A month ago Facebook became a publicly traded company. A runaway worldwide leader in social media, with a lot of hype surrounding the story of its founding by Mark Zuckerberg, its underwriter committed the grievous sin of overreaching in its expectations for the company’s per-share price at its unveiling. Thirty-eight dollars immediately turned out to be too rich, and at the same time, too much stock was available.
During opening day, as it saw what was happening, Morgan Stanley worked to improve the price up by making purchases. That could not be maintained, and in a few days, Facebook’s price was down about 25 percent. It is still down.
The millions of dollars – billions in total – in expected stock profits did not materialize.
That is not supposed to happen in an initial public offering. Fifty percent price increases, on the initial day, are not unusual, and were predicted by some for the Facebook IPO. The significant IPO “pop” is almost guaranteed, and only those on the inside profit. IPO shares go to the underwriters’ favored associates and clients, usually institutional and hedge-fund investors. Some shares might trickle down, but few investors have an opportunity to share in the quick return.
IPOs are a time for financial firms, through underwriting fees and stock-price increases, to make a lot of money and to significantly reward business friends. Facebook’s $38 per share equals a market value of $16 billion, third-largest IPO behind VISA at $20 billion and General Motors at $18 billion.
But because Facebook’s IPO did not make the millions select investors expected, a committee in Congress wants to know why and how to prevent that from happening again. The House Committee on Oversight and Government Reform is focusing on the need to rewrite 1933 securities legislation to give underwriters less independence (and thus presumably more realism) in determining an IPO’s opening price.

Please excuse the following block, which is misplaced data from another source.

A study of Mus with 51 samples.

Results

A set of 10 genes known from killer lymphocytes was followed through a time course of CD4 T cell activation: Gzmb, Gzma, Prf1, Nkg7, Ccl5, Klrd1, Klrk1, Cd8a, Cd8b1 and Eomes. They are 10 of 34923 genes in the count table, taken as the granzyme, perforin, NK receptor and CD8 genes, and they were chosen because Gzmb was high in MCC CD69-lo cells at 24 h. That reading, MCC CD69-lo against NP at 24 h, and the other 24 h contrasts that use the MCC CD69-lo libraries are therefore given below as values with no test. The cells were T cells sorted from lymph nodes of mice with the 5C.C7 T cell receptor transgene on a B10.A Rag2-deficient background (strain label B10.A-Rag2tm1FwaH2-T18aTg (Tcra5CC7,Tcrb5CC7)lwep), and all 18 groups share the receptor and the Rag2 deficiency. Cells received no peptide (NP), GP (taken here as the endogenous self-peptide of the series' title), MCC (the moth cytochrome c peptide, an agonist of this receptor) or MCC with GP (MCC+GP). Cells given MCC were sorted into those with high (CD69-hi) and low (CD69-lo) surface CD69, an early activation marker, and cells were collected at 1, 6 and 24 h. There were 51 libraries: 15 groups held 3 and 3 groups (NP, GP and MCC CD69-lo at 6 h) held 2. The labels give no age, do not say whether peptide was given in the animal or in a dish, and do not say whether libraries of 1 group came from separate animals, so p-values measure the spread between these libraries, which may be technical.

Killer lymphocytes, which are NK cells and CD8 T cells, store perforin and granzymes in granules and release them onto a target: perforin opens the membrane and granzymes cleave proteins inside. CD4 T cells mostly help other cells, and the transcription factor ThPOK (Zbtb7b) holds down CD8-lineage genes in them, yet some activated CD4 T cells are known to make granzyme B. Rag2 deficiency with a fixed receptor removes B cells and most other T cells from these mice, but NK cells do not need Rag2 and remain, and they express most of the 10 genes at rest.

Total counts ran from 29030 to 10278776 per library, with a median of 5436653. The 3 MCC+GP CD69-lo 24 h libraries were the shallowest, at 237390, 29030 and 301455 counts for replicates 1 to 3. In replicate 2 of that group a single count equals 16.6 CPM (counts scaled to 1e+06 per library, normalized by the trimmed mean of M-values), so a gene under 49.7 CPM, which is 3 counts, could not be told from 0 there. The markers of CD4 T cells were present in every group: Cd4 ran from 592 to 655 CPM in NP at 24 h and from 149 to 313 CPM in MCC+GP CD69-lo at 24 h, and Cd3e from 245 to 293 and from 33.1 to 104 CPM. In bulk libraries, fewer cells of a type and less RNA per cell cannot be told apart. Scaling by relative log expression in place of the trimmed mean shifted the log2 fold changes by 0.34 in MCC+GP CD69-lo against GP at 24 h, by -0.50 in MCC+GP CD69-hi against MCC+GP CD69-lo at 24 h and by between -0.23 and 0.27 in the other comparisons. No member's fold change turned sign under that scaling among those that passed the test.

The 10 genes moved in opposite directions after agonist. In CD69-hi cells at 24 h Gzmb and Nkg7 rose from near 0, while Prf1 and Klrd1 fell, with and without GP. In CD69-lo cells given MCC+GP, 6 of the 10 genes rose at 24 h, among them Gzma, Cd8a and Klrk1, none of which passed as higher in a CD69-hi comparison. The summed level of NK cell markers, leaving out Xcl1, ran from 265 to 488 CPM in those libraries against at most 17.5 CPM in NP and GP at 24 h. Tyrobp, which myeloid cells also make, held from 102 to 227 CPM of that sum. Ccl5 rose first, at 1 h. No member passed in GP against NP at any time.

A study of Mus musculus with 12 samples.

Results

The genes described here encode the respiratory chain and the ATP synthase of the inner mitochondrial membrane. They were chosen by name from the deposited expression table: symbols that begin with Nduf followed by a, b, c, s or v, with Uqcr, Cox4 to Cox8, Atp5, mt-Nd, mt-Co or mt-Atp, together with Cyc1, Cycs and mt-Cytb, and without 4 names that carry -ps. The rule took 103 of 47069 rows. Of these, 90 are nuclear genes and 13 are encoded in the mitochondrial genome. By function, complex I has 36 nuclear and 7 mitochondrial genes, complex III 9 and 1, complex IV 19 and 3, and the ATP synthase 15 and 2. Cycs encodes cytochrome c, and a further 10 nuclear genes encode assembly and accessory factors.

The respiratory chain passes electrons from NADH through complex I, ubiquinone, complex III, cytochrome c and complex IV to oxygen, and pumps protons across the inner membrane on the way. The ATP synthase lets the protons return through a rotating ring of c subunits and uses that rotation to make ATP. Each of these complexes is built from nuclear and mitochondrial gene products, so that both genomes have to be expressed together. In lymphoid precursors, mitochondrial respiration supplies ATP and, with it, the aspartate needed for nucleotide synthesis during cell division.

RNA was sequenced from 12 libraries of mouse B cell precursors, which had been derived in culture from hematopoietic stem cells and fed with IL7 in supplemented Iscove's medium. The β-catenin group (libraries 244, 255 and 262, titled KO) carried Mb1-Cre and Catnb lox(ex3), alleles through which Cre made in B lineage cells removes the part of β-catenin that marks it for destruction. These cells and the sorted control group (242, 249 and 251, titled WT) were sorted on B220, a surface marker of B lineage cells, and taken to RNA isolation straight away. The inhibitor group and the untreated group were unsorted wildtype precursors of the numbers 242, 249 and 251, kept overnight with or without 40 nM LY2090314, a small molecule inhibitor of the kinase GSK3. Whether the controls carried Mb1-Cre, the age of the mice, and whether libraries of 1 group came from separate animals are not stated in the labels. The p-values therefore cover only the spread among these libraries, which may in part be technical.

We think the committee should call a halt to this misguided effort. Congress should recognize the Facebook experience as what happens in the marketplace.
Every day, the buying and selling of stocks is based on the give and take of the market. Purchasers see an opportunity, while sellers believe better opportunities lie elsewhere. Many times, buyers and sellers misjudge and pay too much or sell for too little. Shouldn’t Morgan Stanley and the institutional investors who expected to make a quick profit be allowed to get it wrong, too?
The committee’s work will not benefit the 100-share holder who wants to put Facebook stock into his IRA. They do not exist. The initial pre-public Facebook shareholders, many of them founders and employees, now are multimillionaires – at least – without the $38 price or the further increase that in the past has come by the end of the day. Morgan Stanley has egg on its face, but it has been paid its fees, again in the millions. Institutional investors have lost money, but they need to know that when it comes to IPOs the market does not always go up.
IPOs do not deserve federal intervention to further guarantee their profitability. In this sector of the financial world, it is just fine to let the big fail on occasion.